HomeMoorestown NewsJanitorial employees for Moorestown schools petition to get jobs back

Janitorial employees for Moorestown schools petition to get jobs back

Workers seek redress from National Labor Relations Board.

Special to The Sun: The Moorestown school board voted to change its contractor and terminated 24 employees on June 28. Confesora Ortega (from far left), Maritza Orozco, Yadira Velazquez, Felix de los Santos (from back left), Frecia Hernandez, Luz Ortega and Luis Orozco are petitioning to get their jobs back.

It’s been almost five months since 24 Moorestown custodians were told they would be out of work after the township school district sought a new contractor for janitorial services.

The district put out a request for proposal (RFP) for custodial services on May 7 and the custodians were notified on June 15 they would lose their jobs. ABM, the previous union contractor for the schools, did not bid and its contract ended on June 30. On July 1, Healthcare Services Group (HCSG) became the custodial contractor.


Meanwhile, the school board explained that janitorial employees are not hired by the district, but by the district’s contractor.

“(The) employees were not Moorestown Township Public School employees,” said Caryn Shaw, president of the board of education. “Unlike a lot of our other employees — like our teachers, our IT staff, our building and grounds — they all actually fall under our union, Moorestown Education Association (MEA), which is a part of the New Jersey Education Association (NJEA). Whereas the janitorial service we contract out.”

“They might have worked in our schools for so long just because ABM was our contractor for so long,” she added, “but if you don’t use that contractor anymore, (the) employees go with the company.”

Brent Garren, deputy general counsel for SEIU 32 BJ, said HCSG unlawfully discriminated against the workers by refusing to hire them. Under labor law, he added, if a majority of HCSG employees are union-represented workers, the contractor would have to recognize and bargain with the union.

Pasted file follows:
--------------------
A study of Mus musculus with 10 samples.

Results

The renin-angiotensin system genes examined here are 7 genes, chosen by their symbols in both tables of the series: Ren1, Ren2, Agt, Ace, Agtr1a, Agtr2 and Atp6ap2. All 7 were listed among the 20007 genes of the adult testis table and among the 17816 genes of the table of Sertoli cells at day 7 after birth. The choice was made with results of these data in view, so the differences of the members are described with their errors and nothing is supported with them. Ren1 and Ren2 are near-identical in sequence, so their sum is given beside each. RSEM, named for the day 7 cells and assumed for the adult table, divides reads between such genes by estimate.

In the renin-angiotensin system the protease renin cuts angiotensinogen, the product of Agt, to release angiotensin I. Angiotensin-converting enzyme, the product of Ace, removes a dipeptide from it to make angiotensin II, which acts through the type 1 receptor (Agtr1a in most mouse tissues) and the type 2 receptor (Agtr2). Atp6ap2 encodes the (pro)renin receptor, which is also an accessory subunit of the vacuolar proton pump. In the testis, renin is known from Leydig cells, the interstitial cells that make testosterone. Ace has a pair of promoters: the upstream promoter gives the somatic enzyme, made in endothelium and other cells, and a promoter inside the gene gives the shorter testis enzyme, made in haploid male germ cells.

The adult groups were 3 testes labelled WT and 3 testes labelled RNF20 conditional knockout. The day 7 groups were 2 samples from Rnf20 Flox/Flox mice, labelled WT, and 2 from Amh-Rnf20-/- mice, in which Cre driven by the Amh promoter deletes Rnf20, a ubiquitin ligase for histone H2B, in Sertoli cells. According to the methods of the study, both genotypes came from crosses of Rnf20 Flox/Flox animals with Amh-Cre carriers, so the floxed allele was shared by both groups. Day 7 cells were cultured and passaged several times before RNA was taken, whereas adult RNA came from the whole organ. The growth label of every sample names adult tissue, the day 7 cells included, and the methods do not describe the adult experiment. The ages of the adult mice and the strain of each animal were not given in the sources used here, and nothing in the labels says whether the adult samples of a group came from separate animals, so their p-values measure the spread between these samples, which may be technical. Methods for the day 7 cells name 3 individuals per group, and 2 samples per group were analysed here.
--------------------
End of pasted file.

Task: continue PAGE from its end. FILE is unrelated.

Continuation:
Garren noted that the NLRB must go through a multi-step process that could take weeks, before making a final decision on what to do.

“The heart of the matter is (their) refusal to hire the incumbent workers, the majority of the incumbent workers,” Garren said.

Kevin Brown, the union’s state director and executive vice president, maintained that HCSG negotiated its own health benefits rather than comply with a statewide master agreement rate that 32BJ has in place for the workers.

Members of the board of education and representatives for 32BJ SEIU have met several times to discuss how to move forward. According to Shaw, the board has offered any employees who don’t have work right now to apply for bus driver positions. The employees say they have the support of township parents. 

“It has been a little disheartening to us, the way that the union has been portraying us and the district in all of this,” said Shaw. “We don’t feel that it is our fault (per se), and it’s just the way that the process works.”

Some of the township custodians who lost jobs have worked in the school system for two decades with benefits that included health care, paid vacation and sick time.

Luz Ortega of Pennsauken is 37 years old and eight months pregnant. She has worked in the Moorestown district for 15 years, eight of those at William Allen Middle School. According to the employees’ petition, she cannot afford medical care without insurance and will not be able to go back to her doctor.

“It’s been extremely difficult, because ever since I got here, I’ve only had two jobs,” Ortega noted. “One, for a little bit, and then this one that has been there for 15 years. And I never thought I would be treated this way.  

“I never thought I would be kicked out the way that I was.”

Luis Orozco is a resident of Pennsauken who has worked at Moorestown High School for five years and at George C. Baker Elementary School for two. He was in the process of bringing his wife to the U.S. from Nicaragua when he was terminated. 

“At the time in which we lost our jobs, I was still in the process of petitioning my wife, and 32BJ’s legal fund was helping me free of charge through all of these processes,” Orozco said.  “As soon as I lost my job, I lost that assistance.”

Orozco believes that when the school district changed contractors, no one should have been fired. But he is grateful for the support he and his coworkers have received from the community.

“When we realized that we had the support of the parents, we were like, ‘Wow, we accomplished something,’” he noted. “It was good to know we had support from some people.”